Tuesday, April 17, 2007


My Laura Ingalls Wilder Tour (Part 2)

After the sod house tour, I arrived at Walnut Grove. I went first to the Ingalls Dugout Site. It was, of course, On the Banks of Plum Creek. I was very happy to be there all by myself as this was my first actual Little House site. I was nervous and excited.

This sign greets you:

(I borowed this from the Walnut Grove site linked above.)

There is a small hollow where the "house" was in the creek bank. I can't imagine living in a tiny little hand-made cave.

I climbed up past the sign and was standing in a wheat field.

This is the first time I had ever seen a wheat field in person, in real life. I was surprised that is is not tall. I thought it was like corn and grew over your head. Nope! Don't know why I thought that, maybe because sugar cane is also very very tall? (See what happens when you grow up on an island? Then again many tourists think pineapples grow on trees...so there you go.) The wheat was beautiful. Driving through the plains in July really made the words "amber waves of grain" come to life.

I spent a while quietly walking around the dugout site and creek, just soaking it up. Then I returned to the car and went back to town where I walked through the Wilder Museum where they have historical objects from the 1800s and also a quilt that Laura made with her daughter Rose. It's a small town with not a whole lot to see in a day. As I mentioned, I met up with the family from Maryland and we sat togehter on a picnic table and chatted.

Then I moved on to Tracy. I had booked a room in a B&B there for the night. Laura wrote about her very first train ride in By the Shores of Silver Lake. She (and Ma and Mary and Carrie and Grace) went from Walnut Grove to Tracy. She said it took an hour (it was a fictional account.) It took me about 15 minutes--it's 8 miles.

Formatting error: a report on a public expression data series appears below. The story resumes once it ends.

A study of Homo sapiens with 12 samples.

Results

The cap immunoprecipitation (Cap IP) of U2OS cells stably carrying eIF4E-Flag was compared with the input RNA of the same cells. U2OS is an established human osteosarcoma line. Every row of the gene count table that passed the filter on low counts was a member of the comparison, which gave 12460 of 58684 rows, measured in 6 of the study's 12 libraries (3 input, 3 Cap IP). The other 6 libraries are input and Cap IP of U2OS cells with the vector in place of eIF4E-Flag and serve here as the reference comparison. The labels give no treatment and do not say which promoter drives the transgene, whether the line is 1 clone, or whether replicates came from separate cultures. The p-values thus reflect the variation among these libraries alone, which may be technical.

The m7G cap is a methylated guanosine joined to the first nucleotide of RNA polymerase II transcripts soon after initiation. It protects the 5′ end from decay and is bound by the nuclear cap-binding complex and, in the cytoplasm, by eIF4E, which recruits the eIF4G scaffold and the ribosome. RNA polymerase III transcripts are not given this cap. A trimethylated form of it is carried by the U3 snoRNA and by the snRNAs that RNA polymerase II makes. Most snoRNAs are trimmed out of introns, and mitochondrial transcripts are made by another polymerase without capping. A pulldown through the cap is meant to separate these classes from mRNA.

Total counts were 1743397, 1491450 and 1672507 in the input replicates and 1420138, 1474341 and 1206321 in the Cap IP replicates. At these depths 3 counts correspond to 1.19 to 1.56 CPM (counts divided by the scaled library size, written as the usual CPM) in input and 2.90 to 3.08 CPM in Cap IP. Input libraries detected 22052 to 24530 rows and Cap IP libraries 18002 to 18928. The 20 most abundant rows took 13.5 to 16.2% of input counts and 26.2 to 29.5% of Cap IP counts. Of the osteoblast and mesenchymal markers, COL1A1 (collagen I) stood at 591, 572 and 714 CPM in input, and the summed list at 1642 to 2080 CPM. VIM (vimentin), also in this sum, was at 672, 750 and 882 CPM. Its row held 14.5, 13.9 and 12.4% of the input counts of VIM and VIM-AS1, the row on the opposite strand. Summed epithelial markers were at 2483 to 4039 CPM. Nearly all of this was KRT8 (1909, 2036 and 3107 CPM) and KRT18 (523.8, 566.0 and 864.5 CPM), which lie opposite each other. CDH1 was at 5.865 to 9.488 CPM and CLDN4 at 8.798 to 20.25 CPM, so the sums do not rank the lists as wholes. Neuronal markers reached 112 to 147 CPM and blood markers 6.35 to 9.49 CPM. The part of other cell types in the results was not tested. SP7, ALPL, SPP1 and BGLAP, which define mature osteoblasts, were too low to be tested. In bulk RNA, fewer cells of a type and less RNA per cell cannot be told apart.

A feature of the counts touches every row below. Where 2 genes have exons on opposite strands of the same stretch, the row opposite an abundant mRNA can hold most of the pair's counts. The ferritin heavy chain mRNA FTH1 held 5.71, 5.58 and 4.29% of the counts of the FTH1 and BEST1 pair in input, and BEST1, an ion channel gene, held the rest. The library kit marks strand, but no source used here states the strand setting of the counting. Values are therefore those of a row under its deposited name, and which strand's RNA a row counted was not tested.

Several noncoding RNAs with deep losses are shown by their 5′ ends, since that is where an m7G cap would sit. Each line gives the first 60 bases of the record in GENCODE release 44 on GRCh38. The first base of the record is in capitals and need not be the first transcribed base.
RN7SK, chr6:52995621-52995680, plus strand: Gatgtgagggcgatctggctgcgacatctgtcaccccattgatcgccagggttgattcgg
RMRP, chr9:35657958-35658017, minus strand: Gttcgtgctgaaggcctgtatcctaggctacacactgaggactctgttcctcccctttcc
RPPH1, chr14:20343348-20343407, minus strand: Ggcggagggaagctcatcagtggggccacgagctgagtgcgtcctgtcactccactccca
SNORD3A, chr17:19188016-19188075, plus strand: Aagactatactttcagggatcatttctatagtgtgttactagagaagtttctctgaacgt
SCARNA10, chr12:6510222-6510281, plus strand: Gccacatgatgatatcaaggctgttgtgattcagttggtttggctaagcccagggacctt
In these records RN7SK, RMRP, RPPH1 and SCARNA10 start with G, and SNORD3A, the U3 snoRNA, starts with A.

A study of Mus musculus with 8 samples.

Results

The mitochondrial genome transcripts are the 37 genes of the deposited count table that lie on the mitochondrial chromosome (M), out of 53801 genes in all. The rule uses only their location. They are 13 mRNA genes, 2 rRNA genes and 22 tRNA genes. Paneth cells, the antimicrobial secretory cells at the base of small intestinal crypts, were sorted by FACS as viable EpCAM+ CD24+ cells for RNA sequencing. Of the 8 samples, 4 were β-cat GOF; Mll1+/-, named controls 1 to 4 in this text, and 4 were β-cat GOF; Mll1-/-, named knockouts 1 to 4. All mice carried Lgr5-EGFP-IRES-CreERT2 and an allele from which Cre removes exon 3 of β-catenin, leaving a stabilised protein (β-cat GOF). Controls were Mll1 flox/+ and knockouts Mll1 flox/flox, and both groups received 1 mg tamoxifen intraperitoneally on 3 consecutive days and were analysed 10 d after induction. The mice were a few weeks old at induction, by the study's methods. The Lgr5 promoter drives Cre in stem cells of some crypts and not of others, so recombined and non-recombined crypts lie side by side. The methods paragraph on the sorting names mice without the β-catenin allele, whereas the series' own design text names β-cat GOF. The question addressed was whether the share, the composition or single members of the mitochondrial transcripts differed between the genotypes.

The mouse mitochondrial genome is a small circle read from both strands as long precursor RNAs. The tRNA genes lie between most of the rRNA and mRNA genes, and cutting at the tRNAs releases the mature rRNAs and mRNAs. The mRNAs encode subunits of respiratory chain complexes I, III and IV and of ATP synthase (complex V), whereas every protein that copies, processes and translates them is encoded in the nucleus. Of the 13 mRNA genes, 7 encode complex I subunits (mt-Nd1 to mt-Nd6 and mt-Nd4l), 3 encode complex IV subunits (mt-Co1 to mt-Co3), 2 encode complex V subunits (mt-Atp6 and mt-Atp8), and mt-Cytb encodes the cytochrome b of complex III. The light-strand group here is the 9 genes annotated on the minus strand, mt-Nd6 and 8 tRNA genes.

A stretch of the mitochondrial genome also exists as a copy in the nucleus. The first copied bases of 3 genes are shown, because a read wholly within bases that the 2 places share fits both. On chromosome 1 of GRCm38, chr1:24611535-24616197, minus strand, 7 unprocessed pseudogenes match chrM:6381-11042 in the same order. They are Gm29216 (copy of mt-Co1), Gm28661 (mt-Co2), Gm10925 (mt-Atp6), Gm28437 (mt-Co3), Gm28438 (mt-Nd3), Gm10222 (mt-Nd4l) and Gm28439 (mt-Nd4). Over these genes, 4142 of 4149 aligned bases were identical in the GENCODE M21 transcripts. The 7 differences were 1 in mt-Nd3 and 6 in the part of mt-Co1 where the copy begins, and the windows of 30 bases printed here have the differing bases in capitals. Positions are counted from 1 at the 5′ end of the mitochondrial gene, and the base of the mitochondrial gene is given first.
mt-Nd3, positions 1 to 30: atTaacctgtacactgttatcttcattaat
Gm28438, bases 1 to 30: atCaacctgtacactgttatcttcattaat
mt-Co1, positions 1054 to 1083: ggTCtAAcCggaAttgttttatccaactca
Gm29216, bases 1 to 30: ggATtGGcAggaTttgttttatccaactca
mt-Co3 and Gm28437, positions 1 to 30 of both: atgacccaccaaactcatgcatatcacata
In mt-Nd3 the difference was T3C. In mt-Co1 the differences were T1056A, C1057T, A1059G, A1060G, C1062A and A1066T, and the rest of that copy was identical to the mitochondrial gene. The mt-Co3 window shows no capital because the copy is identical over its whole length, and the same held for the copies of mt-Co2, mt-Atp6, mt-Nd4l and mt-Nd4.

The night at the Valentine B&B was very exciting. I was the only guest in this HUGE old Victorian house that the owners were in the process of fixing up (the inside was done and lovely, the outside was still being worked on.) Their link is not working, otherwise I would have linked immediately...oh well. It was an exciting evening because a storm blew in and I had my very first tornado warning. The owners knocked on my door about an hour after I went to sleep and we sat in the kitchen listening to the radio, ready to run down into the basement at a moment's notice. The wind was whipping and the thunder and lightening were fabulous. We talked about tornadoes vs. earthquakes and we all agreed that it's nice to have some warning. The storm soon passed and we got an all clear and I went to bed.

The next morning, after a lovely breakfast, I was saying goodbye to the woman there (I have to dig out my journals to get some names.) and she mentioned that as I was driving, if I saw a tornado, I should drive to the closest farm and knock on the door, find shelter. (Highway 14 is a two lane road.) And of course she was dead serious. Freaky for a Hawaii/California girl! Luckily, I didn't have to do that and it seemed that once I crossed into South Dakota, there were mostly beautiful blue skies all the way. It looked like this most of the time:

(This is on the way to Mount Rushmore, further east--I mean WEST!!-- in S. Dakota.) (Another symptom of growing up on an island--not know east/west/north/south.)

I was very excited to get into South Dakota because soon I would be in DeSmet. Goose bumps.